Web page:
U.S. GOVERNMENT PRINTING OFFICE DEPOSITORY
AUG 18 1998
DAN BURTON, Indiana, Chairman BENJAMIN A. GILMAN, New York
HENRY A. WAXMAN, California J DENNIS HISTERT, Illinois
TOM LANTOS, California CONSTANCEA MORELLA, Maryland ROBERT E. WISE, JR., West Virginia CHRISTOPHER SHAYS, Connecticut
MAJOR R. OWENS, New York STEVEN SCHIFF, New Mexico
EDOLPHUS TOWNS, New York CHRISTOPHER COX, California
PAUL E. KANJORSKI, Pennsylvania ILEANA ROS-LEHTINEN, Florida
GARY A. CONDIT, California JOHN M. MCHUGH, New York
CAROLYN B. MALONEY, New York STEPHEN HORN, California
THOMAS M. BARRETT, Wisconsin JOHN L. MICA, Florida
ELEANOR HOLMES NORTON, Washington, THOMAS M. DAVIS, Virginia
DC DAVID M. MCINTOSH, Indiana
CHAKA FATTAH, Pennsylvania MARK E. SOUDER, Indiana
ELIJAH E. CUMMINGS, Maryland JOE SCARBOROUGH, Florida
DENNIS J. KUCINICH, Ohio JOHN B. SHADEGG, Arizona
ROD R. BLAGOJEVICH, Illinois STEVEN C. LATOURETTE, Ohio
DANNY K. DAVIS, Illinois MARSHALL “MARK” SANFORD, South JOHN F. TIERNEY, Massachusetts Carolina
JIM TURNER, Texas JOHN E. SUNUNU, New Hampshire
THOMAS H. ALLEN, Maine
HAROLD E. FORD, JR., Tennessee
BERNARD SANDERS, Vermont
(Independent) DAN MILLER, Florida
KEVIN BINGER, Staff Director
DANIEL R. MOLL, Deputy Staff Director
JUDITH McCoy, Chief Clerk
SUBCOMMITTEE ON HUMAN RESOURCES
CHRISTOPHER SHAYS, Connecticut, Chairman VINCE SNOWBARGER, Kansas
EDOLPHUS TOWNS, New York BENJAMIN A. GILMAN, New York
THOMAS H. ALLEN, Maine DAVID M. MCINTOSH, Indiana
TOM LANTOS, California MARK E. SOUDER, Indiana
BERNARD SANDERS, Vermont (Ind.) MICHAEL PAPPAS, New Jersey
THOMAS M. BARRETT, Wisconsin STEVEN SCHIFF, New Mexico
DENNIS J. KUCINICH, Ohio
DAN BURTON, Indiana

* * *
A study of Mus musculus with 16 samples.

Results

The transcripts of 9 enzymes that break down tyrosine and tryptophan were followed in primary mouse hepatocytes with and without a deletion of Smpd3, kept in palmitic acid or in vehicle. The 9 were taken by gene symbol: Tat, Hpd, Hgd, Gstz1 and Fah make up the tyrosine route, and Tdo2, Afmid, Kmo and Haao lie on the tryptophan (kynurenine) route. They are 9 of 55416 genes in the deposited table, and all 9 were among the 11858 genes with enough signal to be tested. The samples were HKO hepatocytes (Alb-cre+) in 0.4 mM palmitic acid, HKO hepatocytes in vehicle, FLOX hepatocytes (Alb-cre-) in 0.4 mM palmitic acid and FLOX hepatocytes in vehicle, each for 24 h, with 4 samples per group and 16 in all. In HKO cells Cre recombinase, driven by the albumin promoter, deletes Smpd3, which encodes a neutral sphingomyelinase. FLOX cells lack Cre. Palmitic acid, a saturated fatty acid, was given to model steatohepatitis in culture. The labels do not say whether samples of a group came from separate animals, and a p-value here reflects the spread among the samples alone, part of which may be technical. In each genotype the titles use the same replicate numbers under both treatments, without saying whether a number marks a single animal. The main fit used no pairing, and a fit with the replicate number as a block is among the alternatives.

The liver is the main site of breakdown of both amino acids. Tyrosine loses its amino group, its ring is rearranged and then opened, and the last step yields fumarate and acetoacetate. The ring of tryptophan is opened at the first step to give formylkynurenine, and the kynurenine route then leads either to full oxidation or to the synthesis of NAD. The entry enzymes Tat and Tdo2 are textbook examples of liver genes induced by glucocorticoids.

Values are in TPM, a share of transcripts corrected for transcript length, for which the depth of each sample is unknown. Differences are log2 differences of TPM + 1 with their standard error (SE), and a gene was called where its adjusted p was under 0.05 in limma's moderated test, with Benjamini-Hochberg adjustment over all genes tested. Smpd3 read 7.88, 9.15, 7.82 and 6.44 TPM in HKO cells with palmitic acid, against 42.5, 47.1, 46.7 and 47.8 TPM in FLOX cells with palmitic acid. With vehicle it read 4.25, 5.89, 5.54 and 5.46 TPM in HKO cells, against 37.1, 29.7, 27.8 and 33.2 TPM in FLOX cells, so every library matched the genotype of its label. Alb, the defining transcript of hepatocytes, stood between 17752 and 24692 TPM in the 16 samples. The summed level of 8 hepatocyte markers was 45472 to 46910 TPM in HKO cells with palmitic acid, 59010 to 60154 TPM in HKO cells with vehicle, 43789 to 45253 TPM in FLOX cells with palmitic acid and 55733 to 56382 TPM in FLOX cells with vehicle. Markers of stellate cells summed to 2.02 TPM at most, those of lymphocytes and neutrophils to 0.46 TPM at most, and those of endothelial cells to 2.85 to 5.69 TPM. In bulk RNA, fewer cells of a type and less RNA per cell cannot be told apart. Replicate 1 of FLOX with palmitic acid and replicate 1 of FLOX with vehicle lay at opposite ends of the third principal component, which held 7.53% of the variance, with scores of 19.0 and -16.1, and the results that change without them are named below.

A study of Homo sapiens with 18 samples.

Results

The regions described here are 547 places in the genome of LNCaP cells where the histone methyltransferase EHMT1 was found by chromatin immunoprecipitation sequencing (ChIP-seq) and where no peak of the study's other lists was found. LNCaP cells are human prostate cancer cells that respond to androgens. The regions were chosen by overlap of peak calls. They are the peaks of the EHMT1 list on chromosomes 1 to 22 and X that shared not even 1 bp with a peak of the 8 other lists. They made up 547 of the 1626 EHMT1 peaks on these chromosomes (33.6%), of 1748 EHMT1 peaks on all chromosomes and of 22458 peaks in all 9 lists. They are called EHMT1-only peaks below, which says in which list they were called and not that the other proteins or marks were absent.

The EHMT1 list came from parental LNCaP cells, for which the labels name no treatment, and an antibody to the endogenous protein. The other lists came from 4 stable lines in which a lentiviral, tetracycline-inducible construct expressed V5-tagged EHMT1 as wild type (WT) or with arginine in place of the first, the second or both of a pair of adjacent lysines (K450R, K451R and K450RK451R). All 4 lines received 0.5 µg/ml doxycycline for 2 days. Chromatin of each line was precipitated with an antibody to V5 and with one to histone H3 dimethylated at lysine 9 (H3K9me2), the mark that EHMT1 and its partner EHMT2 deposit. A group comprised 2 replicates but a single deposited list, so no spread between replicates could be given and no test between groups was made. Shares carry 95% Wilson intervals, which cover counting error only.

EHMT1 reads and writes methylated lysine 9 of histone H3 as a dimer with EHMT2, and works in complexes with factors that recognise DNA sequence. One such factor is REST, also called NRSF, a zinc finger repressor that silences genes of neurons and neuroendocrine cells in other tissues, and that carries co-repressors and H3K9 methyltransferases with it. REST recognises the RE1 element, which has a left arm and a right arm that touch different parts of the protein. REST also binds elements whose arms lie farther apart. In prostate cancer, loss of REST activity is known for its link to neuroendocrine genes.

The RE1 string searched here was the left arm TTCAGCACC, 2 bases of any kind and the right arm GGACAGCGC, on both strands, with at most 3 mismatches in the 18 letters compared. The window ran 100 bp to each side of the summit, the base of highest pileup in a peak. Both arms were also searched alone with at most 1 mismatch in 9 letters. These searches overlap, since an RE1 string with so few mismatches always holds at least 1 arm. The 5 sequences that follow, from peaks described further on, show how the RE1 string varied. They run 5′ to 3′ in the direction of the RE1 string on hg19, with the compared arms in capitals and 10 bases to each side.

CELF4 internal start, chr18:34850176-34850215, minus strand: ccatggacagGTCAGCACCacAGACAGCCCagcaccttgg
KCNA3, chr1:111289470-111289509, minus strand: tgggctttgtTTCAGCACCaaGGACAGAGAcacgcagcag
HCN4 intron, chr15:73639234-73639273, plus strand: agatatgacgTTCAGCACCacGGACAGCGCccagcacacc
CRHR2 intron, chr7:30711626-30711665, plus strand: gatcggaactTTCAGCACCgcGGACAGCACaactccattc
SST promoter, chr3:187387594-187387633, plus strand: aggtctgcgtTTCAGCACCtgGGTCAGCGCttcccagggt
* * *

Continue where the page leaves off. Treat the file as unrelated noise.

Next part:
HENRY A. WAXMAN, California
R. JARED CARPENTER, Clerk
Clauw, Daniel, M.D., chief of rheumatology, Georgetown University
School of Medicine, prepared statement of
Heivilin, Donna, Ph.D., Director, Planning and Reporting, General Ac-
counting Office, prepared statement of
GULF WAR VETERANS' ILLNESSES: THE
TUESDAY, FEBRUARY 24, 1998
HOUSE OF REPRESENTATIVES,
SUBCOMMITTEE ON HUMAN RESOURCES,
Washington, DC. The subcommittee met, pursuant to notice, at 10 a.m., in room 2154, Rayburn House Office Building, Hon. Christopher Shays (chairman of the subcommittee) presiding.
Present: Representatives Shays, Snowbarger, Towns, Kucinich, Allen, and Sanders.
Staff present: Lawrence Halloran, staff director; Robert A. Newman, professional staff member; and Cherri Branson, minority counsel.
Mr. SHAYS. I call this hearing to order and welcome our witnesses and our guests on this very important hearing, and welcome my colleagues, Mr. Towns and Mr. Sanders, as well.
In our oversight report on Gulf war veterans' illnesses, adopted without dissent by the full Government Reform and Oversight Committee in November, we found the Federal research effort had been blind to scientifically important but politically inconvenient, hypotheses about neurotoxic exposures. The committee recommended shifting control of the research agenda to an agency free of the institutional biases and doctrinal restraints we found hobbling the joint Veterans' Affairs and Defense Department program.
Today, we pursue and amplify that recommendation with an indepth review of the Research Working Group of the Persian Gulf Veterans Coordinating Board, the interagency body now responsible for the evaluation and selection of the epidemiological, clinical and basic research critical to the health, and hopes, of sick veterans. The process and product of their work will tell us where we have been, where we are, and where we need to go in studying the causes and cures of Gulf war veterans' illnesses.
The issue today is not blame for false starts and past failures. The issue today, and every day until the discovery of effective treatments, is how to focus a 6-year-old, $115 million research program that appears to confuse motion for progress, quantity for quality, and breadth for depth. The current agenda, although lately pointed toward more probable and promising theories, still projects a diffused, confused path that stretches well over the millennial horizon.